Peace I leave with you, my peace I give to you: not as the world gives, give I to you. Let not your heart be troubled…
"Peace be unto you" was, and is, the common Eastern salutation, both in meeting and parting. It carries us back to a state of society in which every stranger might be an enemy. It is a confession of the deep unrest of the human heart. Note —
I. THE GREETING, WHICH IS A GIFT. Christ gives His peace because He gives Himself. It comes with Him, like an atmosphere; it is never where He is not.
1. The first requisite for peace is consciousness of harmonious relations between me and God. The deepest secret of Christ's peace was His consciousness of unbroken communion with the Father. And the centre and foundation of all the peace-giving power of Jesus Christ is that in His death He has swept away the occasion of antagonism, and so made peace between the Father and the child, rebellious and prodigal.
2. We must be at peace with ourselves. There is no way of healing the inner schism of our anarchic nature except in bringing it all in submission to His merciful rule. Look at that troubled kingdom that each of us carries about within himself, passion dragging this way, conscience that; a hundred desires all arrayed against one another, inclination here, duty there, till we are torn in pieces like a man drawn asunder by wild horses. But when He enters the heart with His silken leash, the old fable comes true, and He binds the lions and the ravenous beasts there with its slender tie and leads them along, tamed, by the cord of love, and all harnessed to pull together in the chariot that He guides. There is one power, and only one, that can draw after it all the multitudinous heaped waters of the weltering ocean, and that is the quiet silver moon in the heavens, which pulls the tidal wave, into which melt and merge all currents and small breakers, and rolls it round the whole earth. And so Christ, shining down lambent and gentle, but changeless, from the darkest of our skies, will draw, in one great surge of harmonized motion, all the else contradictory currents of our stormy souls.
3. Peace with men. The reason why men are in antagonism with one another is the central selfishness of each. And there is only one way by which men's relations can be thoroughly sweetened, and that is by the Divine love of Jesus Christ casting out the devil of selfishness, and so blending them all into one harmonious whole.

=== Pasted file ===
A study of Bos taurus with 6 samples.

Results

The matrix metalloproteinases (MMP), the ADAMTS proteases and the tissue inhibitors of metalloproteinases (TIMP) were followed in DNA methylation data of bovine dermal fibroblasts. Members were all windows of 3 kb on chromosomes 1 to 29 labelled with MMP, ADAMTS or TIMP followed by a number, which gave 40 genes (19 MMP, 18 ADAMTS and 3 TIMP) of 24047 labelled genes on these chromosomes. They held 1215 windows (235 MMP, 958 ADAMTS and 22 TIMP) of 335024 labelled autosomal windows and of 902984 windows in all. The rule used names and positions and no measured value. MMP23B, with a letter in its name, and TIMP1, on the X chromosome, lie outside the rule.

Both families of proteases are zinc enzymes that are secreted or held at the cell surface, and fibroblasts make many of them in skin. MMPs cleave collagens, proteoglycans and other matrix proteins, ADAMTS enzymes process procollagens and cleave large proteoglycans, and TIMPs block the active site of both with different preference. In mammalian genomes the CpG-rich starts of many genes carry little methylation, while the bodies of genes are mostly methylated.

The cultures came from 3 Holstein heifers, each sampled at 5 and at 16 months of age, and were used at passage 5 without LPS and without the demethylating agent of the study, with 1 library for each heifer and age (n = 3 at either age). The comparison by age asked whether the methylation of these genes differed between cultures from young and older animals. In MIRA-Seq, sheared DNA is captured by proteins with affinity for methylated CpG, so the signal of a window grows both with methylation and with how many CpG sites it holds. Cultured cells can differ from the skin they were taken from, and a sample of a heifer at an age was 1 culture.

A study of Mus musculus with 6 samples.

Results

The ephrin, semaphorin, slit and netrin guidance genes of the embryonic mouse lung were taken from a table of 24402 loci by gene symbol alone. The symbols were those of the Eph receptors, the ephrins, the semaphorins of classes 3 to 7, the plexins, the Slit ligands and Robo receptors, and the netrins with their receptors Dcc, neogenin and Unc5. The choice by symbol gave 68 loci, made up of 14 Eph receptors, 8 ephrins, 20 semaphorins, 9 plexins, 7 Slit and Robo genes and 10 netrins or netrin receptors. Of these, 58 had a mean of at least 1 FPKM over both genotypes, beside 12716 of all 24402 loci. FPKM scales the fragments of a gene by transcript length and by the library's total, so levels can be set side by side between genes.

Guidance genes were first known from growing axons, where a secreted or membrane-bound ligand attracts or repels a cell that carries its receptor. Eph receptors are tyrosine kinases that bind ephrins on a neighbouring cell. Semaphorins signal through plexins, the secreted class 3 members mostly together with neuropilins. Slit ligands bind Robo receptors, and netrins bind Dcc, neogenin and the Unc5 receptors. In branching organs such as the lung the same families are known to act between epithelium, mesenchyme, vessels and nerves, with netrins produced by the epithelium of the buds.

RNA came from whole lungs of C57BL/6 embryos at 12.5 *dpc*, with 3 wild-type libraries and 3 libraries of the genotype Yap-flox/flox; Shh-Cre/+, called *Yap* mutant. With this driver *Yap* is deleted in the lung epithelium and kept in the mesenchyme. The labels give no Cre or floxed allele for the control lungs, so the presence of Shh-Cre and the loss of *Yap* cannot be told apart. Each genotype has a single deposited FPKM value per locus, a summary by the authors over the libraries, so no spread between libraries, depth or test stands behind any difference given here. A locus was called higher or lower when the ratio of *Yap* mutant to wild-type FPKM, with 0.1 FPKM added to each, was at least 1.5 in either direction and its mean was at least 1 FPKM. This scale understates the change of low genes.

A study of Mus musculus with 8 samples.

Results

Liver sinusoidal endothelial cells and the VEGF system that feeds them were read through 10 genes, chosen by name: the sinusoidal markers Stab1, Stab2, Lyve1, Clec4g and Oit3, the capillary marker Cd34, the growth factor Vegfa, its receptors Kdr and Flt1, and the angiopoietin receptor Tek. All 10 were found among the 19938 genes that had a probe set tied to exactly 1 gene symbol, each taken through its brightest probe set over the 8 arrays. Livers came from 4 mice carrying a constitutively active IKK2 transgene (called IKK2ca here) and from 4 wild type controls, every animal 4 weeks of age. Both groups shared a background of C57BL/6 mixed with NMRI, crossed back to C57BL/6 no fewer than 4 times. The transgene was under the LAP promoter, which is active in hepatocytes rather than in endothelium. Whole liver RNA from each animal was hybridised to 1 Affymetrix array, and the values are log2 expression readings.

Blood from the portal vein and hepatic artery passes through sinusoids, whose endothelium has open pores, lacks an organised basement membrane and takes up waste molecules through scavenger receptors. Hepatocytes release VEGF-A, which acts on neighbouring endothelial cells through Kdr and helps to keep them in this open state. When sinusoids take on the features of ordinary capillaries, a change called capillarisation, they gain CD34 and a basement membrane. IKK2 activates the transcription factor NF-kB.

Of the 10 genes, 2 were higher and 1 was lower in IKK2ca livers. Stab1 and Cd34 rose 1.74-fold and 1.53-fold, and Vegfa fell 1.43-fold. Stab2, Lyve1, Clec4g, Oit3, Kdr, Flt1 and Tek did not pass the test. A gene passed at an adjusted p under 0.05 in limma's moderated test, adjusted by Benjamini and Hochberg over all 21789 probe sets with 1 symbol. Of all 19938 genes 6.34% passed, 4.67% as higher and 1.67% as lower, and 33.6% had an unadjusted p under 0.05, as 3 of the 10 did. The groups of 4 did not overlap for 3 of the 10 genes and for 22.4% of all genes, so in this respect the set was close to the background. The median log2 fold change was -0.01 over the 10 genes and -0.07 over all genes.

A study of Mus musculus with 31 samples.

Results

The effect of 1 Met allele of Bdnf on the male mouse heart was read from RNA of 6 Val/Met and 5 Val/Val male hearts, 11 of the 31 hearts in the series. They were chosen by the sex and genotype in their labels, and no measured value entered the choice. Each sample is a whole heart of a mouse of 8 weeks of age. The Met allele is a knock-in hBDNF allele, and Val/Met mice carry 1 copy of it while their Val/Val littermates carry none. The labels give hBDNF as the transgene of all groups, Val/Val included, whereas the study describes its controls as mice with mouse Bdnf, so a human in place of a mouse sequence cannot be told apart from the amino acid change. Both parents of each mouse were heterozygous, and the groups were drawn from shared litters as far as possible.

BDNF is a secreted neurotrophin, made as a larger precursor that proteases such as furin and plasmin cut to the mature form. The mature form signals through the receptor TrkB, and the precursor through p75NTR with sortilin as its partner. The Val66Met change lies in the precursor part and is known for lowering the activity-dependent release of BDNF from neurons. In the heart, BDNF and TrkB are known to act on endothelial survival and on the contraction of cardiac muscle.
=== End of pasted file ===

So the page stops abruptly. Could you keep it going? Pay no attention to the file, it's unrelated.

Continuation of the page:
4. Peace with the outer world. It is not external calamities, but the resistance of the will to these, that makes the disturbances of life. Submission is peace, and when a man with Christ in his heart can say what Christ did, "Not My will, but Thine, be done," then some faint beginnings, at least, of tranquillity come to the most agitated and buffeted.
II. THE WORLD'S GIFT, WHICH IS AN ILLUSION. "The world" may mean either mankind in general or the whole material frame of things.
1. Regarding it in the former sense, the thought is suggested — Christ gives; men can only wish. How little we can do for one another's tranquillity! how soon we come to the limits of human love and human help!
2. And then, if we take the other signification, we may say, "Outward things can give a man no real peace." The world is for excitement; Christ alone has the secret of tranquillity.
III. THE DUTY OF THE RECIPIENTS OF THAT PEACE OF CHRIST'S, "Let not your heart be troubled," etc.
1. Christ's gift of peace does not dispense with the necessity for our own effort after tranquillity. There is very much in the outer world and within ourselves that will surge up and seek to shake our repose; and we have to coerce and keep down the temptations to anxiety, to undue agitation of desire, to tumults of sorrow, to cowardly fears of the unknown future. All these will continue, even though we have Christ's peace in our hearts. And it is for us to see to it that we treasure the peace.
2. It is useless to tell a man, "Do not be troubled and do not be afraid," unless he first has Christ's peace as his. Is that peace yours because Jesus Christ is yours? If so, then there is no reason for your being troubled or dreading any future. If it is not, you are mad not to be troubled, and you are insane if you are not afraid.
3. Your imperfect possession of this peace is all your own fault. Conclusion: I went once to the side of a little Highland loch, on a calm autumn day, when all the winds were still, and every birch tree stood unmoved, and every twig reflected on the stedfast mirror, into the depths of which Heaven's own blue seemed to have found its way. That is what our hearts may be, if we let Christ put His guarding hand round them to keep the storms off, and have Him within us for our rest. But the man that does not trust Jesus is like the troubled sea which cannot rest.
(A. Maclaren, D. D.)
Parallel VersesKJV: Peace I leave with you, my peace I give unto you: not as the world giveth, give I unto you. Let not your heart be troubled, neither let it be afraid.